Why it's not enough to hire for diversity
From multinational corporations to mom-and-pop corner stores, the need to have a diverse workforce has never been greater. Whether your online presence rivals Google or you have none at all, you need to meet the demands of a diverse customer base.
Employers work in a global economy, and barriers to commerce are only slightly limited by language. Your workforce has to mirror your customer base if you want to stay relevant — if not, the competition will happily fill the void.
In its "Global Recruiting Trends 2018" report, LinkedIn revealed the top four trends identified by talent managers and recruiters as "shaping the future of recruiting and hiring." Diversity, identified as a priority by 78% of the 9,000 respondents, took the top spot. When asked why they chose to prioritize diversity, 78% of respondents sought to improve culture, 62% wanted to boost financial performance and 49% intended to better represent customers.
What is diversity in the workforce?
For starters, it’s more than a list of demographics and personality types to put a checkmark next to. Diversity is a goal, but it relies on action to come to pass. If diversity is the noun, then inclusion and belonging are the verbs that make it happen.
You can hire as many people from disparate backgrounds as you like, but if they don’t believe they belong, or if their points of view are not included in the culture, you’re just checking off items on a list. In the LinkedIn survey, companies have recognized the difference: while 51% are very or extremely focused on diversity, 52% are on inclusion and 57% on belonging.
Ken Bouyer, director of inclusiveness recruiting at Ernst & Young (EY) Americas, knows diversity’s value.
“It is important for businesses to establish a framework to deliberately foster an inclusive environment where differences, talents and perspectives of all people are maximized to create the highest performing teams," he said. EY has found that teams of mixed gender, ethnicity, age and other divergent points improve decision-making solutions for clients because they include a variety of viewpoints and a wider range of experiences.
“By maximizing the power of differences, we are able to build the highest-performing teams,” Bouyer adds.
Getting there from here
To expand their workforce, companies are looking at the basics and beyond. In addition to gender, race and ethnicity, a new focus on age and educational diversity is coming to light. Disability status has also come to the fore.
Mark Lobosco, VP of talent solutions at LinkedIn, talks about the data from the survey as well as diversity initiatives at his company. “Diversity used to be thought of as a box that companies checked. Today, it’s table stakes.”
To achieve a representative workforce, he says, “Companies are making changes not only to where they look for talent, but to how they market themselves to diverse candidates.” LinkedIn research shows companies are expanding their efforts at diverse schools, trade schools and community colleges, as well as ensuring diverse employees are featured in recruitment materials and interview panels.
One way to expand your diversity recruitment is to simply expand your recruitment reach, according to Jamie Nichol, marketing and community manager at CultureIQ. “Relocation packages will geographically expand your potential talent pool while commuter benefits will make your company accessible to individuals of different life arrangements," Nichol said. "Offering a flexible work policy (flextime, telecommuting), child care subsidies, and generous parental leave can attract parents or those hoping to start a family.”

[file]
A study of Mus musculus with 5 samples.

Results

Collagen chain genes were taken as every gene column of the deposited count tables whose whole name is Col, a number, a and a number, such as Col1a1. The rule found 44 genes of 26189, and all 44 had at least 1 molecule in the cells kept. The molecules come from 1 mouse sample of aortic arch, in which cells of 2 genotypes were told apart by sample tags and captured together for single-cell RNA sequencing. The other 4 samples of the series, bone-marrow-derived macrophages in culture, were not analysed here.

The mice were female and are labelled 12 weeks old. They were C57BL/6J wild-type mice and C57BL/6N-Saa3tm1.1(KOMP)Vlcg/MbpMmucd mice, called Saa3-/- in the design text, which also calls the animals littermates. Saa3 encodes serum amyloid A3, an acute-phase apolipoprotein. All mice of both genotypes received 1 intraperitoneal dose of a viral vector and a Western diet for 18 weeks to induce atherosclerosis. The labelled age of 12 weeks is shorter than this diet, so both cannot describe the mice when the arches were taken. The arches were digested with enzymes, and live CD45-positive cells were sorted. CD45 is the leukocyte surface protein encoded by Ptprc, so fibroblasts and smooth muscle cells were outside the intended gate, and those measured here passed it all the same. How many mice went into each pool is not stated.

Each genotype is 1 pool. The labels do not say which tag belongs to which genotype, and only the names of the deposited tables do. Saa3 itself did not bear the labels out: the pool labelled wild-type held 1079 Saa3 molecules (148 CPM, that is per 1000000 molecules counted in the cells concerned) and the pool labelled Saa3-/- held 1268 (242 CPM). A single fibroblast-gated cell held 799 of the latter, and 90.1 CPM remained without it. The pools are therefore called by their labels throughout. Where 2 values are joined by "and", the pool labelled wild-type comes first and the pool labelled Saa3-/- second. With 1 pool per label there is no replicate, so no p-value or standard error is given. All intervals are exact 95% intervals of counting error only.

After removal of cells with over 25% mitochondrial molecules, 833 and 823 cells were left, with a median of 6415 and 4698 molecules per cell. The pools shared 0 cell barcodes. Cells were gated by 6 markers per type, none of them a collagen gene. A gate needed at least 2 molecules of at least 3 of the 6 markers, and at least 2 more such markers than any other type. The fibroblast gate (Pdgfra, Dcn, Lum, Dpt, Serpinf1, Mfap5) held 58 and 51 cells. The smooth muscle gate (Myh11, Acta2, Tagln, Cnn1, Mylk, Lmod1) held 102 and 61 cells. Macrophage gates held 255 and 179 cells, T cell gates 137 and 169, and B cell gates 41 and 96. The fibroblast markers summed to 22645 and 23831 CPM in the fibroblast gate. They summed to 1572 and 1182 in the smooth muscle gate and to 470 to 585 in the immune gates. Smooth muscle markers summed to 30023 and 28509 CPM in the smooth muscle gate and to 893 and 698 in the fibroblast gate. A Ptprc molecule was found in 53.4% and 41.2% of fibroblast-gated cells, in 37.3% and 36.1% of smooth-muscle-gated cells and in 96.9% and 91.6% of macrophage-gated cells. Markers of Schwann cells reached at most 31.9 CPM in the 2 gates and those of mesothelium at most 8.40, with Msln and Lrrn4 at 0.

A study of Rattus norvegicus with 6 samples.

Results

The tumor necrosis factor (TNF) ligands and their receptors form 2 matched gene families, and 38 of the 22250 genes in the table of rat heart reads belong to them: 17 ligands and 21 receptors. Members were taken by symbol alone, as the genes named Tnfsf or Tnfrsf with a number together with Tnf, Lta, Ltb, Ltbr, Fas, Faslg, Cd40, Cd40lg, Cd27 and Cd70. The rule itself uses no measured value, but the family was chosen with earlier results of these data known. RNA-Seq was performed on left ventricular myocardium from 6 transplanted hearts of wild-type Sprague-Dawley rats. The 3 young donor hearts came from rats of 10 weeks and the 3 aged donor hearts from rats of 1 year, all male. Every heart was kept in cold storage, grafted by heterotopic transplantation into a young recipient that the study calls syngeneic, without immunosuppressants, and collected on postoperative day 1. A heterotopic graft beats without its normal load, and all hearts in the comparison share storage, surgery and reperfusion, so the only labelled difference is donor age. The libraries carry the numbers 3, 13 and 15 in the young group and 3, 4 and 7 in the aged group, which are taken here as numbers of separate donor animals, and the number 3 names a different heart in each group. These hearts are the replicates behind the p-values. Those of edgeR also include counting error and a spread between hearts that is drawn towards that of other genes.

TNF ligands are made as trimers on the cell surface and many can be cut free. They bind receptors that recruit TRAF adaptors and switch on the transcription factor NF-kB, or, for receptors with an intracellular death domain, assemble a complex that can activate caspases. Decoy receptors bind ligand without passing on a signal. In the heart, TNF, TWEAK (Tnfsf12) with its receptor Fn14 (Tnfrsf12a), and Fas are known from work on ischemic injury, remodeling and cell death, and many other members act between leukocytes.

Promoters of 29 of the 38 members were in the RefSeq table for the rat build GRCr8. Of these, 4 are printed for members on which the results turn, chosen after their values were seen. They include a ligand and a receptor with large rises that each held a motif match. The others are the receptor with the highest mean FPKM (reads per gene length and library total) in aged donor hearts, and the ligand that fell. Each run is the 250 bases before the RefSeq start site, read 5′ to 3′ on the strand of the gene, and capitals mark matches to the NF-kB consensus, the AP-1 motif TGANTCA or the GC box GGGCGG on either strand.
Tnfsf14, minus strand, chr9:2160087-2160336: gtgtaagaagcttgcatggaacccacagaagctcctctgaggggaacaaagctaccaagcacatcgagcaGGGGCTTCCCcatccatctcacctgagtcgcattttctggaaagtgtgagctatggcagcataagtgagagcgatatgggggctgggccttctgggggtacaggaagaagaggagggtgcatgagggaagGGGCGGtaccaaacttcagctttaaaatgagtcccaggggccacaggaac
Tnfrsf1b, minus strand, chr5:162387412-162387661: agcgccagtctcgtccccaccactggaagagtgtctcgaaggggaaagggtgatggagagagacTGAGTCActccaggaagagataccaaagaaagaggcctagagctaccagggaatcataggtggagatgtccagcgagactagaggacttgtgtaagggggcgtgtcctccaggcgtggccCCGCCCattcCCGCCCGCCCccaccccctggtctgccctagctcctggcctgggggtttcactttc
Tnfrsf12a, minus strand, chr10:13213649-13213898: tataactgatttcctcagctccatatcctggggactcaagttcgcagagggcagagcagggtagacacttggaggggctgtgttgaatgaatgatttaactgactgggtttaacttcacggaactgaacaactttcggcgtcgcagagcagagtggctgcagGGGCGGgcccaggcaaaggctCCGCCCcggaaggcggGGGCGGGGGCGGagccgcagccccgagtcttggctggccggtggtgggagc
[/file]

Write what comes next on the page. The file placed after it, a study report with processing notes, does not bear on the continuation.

Bouyer knows the value of starting younger these days. “We really believe that building a diverse pipeline of talent starts at the high school level or before, and the onus falls on businesses to attract students from a young age, from all backgrounds, and maintain relationships with faculty and administrators.”
At EY, recruiters attend internal inclusiveness and leadership training sessions, in addition to individual coaching and strategy sessions at least three times a year, to make sure teams are recruiting inclusively. “Through this,” Bouyer says, “we hope that the more we talk about inclusive recruiting out in the open, the more we can disrupt biases and enact long term changes in the workplace.”
Making it stick
“At LinkedIn we are working to create a work environment where employees not only feel included, they also feel like they belong," Lobosco said. "Hiring diverse candidates won’t help if the company culture isn’t shaped to support them.” Employers must go beyond respecting differing opinions. Put value on and encourage a wide range of viewpoints: that imperative must come from the top down.
Recruitment is just the first step in the diversity chain, Nichol says. "In addition to prioritizing diversity during recruitment, it’s essential to 'walk the walk' by creating an inclusive company culture." She advises employers to consider all angles — formal policies and programs, informal customs and everyday behaviors. “Be proactive and consider providing sponsorship programs or partnering with external networks to connect underrepresented groups with resources and support," she added.
To cement inclusion initiatives, EY does just that. EY Unplugged is a two-day event of onboarding sessions taught by high-performing staff and partners that provides the opportunity for Black, Latino and Asian professionals to come together and connect during their first four months. The company's Ally2Advocate program, primarily targeted to LGBTQ staffers, helps people work together, learn from one another and increase individual effectiveness, advancing their support from ally to advocate.
When employees have a voice, they’re engaged. When they’re allowed to express their genuine voice, the hires you make today become the long-term, invaluable team of tomorrow.